This 10-Foot-Long Jurassic Crocodile Once Menaced Britain's Seas

Image: Fabio Manucci
Image: Fabio Manucci

A reanalysis of a heavily damaged fossil found nearly 150 years ago has revealed the existence of an absolute monster of the ancient seas. And the discovery of the new species, nicknamed the “Melksham Monster,” shows that an extinct group of ancient reptiles appeared on Earth millions of years earlier than previously thought.

Meet Leldraan melkshamensis, a 10-foot-long marine crocodile that lived 163 million years ago during the Middle Jurassic era. Not only is it a new species of ancient crocodile, it represents an entirely new genus of extinct reptiles. Prior to this discovery, scientists thought that the sub-family of prehistoric crocodiles to which this creature belonged, Geosaurini, emerged around 152 million years ago. But a reanalysis of this fossil shows that this group arose millions of years earlier, during the Middle Jurassic.

Modern crocodiles aren’t directly descended from these beasts, but they do share a common ancestor. The new species, as described in the Journal of Systematic Palaeontology, featured long, powerful jaws and large serrated teeth which it likely used to chomp down on various prey, including prehistoric squid. Leldraan melkshamensis, which prowled the warm, shallow seas of what is now Europe, would have been one of the top aquatic predators of Jurassic Britain. Its nickname, the “Melksham Monster,” comes from the English town in which it was found.


These findings were derived from a badly damaged fossil that was discovered back in 1875 in England’s Oxford Clay Formation. A research team led by Davide Foffa, a PhD student at the University of Edinburgh, was able to identify the new species by analyzing its skull, lower jaw, and teeth.

Image: D. Foffa et al., 2017
Image: D. Foffa et al., 2017

“It’s not the prettiest fossil in the world, but the Melksham Monster tells us a very important story about the evolution of these ancient crocodiles and how they became the apex predators in their ecosystem,” said Foffa in a press release. “Without the amazing preparation work done by our collaborators at the Natural History Museum, it would not have been possible to work out the anatomy of this challenging specimen.”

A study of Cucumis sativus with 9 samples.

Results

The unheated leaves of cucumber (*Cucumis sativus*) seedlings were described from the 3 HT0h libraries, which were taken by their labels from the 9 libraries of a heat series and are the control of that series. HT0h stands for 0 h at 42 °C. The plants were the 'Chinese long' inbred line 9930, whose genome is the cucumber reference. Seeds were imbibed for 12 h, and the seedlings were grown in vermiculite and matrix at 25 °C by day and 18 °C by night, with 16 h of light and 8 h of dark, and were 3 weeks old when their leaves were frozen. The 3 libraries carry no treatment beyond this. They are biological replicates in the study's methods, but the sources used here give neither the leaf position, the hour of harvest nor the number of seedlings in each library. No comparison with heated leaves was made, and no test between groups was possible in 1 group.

Indeed, pulling the specimen from the rock was an ordeal unto itself. The fossil was completely enveloped in a super-hard rock, with veins of calcite running through it. The preparation team, led by Mark Graham from the NHM, had to remove these minerals by force using carbon steel tipped chisels and grinding wheels equipped with industrial-grade diamonds. It took many hours and weeks, and considerable care had to be taken to avoid damaging the bits of exposed fossil.


“This was one tough old croc in life and death!” said Graham.

[Journal of Systematic Palaeontology]


George is a senior staff reporter at Gizmodo.


“Not only is it a new species of ancient crocodile, it represents an entirely new genus of extinct reptiles.”

This is a terrible sentence. Ieldraan melkshamensis is, yes, a new species of ancient metriorhynchoid crocodilian (not a true crocodile). The second phrase needs work.

1. Naming “an entirely new genus” is not a rare event. For more information on this, see the entire history of paleontology. It’s a miracle when somebody names a new species within an existing genus.

2. “An entirely new genus of extinct reptiles,” positioned against “new species of ancient crocodile,” suggests that Ieldraan is somehow wildly different than other known geosaurines or even metriorhychoid. It’s not. It extends the stratigraphic range of geosaurines back a bit, but it doesn’t breathlessly represent a mysterious third kind of metriorhychoid or anything.

In fact, it isn’t even the first geosaurine to push their origins back. Since other metriorhychoids are known from the Middle Jurassic, that means that geosaurines must have been present then as well.

Now then. These metriorhychoid crocodilians are REALLY cool, in part, because they more or less confirm that archosaurs could give birth to live young. As opposed to their thalattosuchian sister group, metriorhynchoids were incapable of land traversal and must have spent their whole lives at sea.